Database Category: Digital Divide

Digital Divide

COVID-19 school closure has caused a worldwide shift towards technology-aided home schooling. Given widespread poverty in developing countries, this has raised concerns over new forms of learning inequalities.

Lack of access to the Internet and digital technologies could exacerbate the impacts of the COVID-19 pandemic through multiple pathways. Two years into the pandemic, U.S. counties with lower levels of home Internet or computer access are seeing higher COVID-19 case and death rates.

Wealth and education establish a cycle of intergenerational inequality. Wealthier households can provide more educational opportunities for their children, who then will have more chances to build wealth for themselves.

One of the most daunting unintended consequences of the digital revolution is the digital divide (DD), a pervasive social and information inequality. It negatively affects all sectors of society, and exerts compounding influences on other social inequities.

When the emerging COVID pandemic ended in-person appointments, clinics and patients rapidly shifted to telehealth visits. For Cynthia Gonzalez, a patient at the Venice Family Clinic, being able to talk with her therapist by phone, and later via video, was a lifeline.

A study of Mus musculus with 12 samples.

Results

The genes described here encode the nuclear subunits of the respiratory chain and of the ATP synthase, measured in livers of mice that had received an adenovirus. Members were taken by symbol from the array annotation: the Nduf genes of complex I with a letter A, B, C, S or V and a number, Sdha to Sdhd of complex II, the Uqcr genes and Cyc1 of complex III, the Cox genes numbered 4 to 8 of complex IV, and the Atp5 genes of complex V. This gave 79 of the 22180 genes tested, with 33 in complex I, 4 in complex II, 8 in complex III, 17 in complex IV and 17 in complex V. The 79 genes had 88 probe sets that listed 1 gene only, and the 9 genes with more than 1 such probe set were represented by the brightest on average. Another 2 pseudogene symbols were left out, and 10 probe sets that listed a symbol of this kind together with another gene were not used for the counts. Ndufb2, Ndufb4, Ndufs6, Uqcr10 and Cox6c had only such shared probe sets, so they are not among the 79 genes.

California has $6 billion in federal COVID relief funds with which to close the digital divide, but advocates argue that telecom industry proposals could sabotage the state’s high stakes experiment in online democracy.

Most folks have internet access, right? If not a desktop setup, at least a phone that can connect you to the internet. When it comes to finding a job, a phone may be enough to fill out an application at McDonald’s or Home Depot if you have a reliable internet connection.

The Federal Communications Commission started a temporary program to help eligible families pay for Home Internet service during the COVID-19 Pandemic.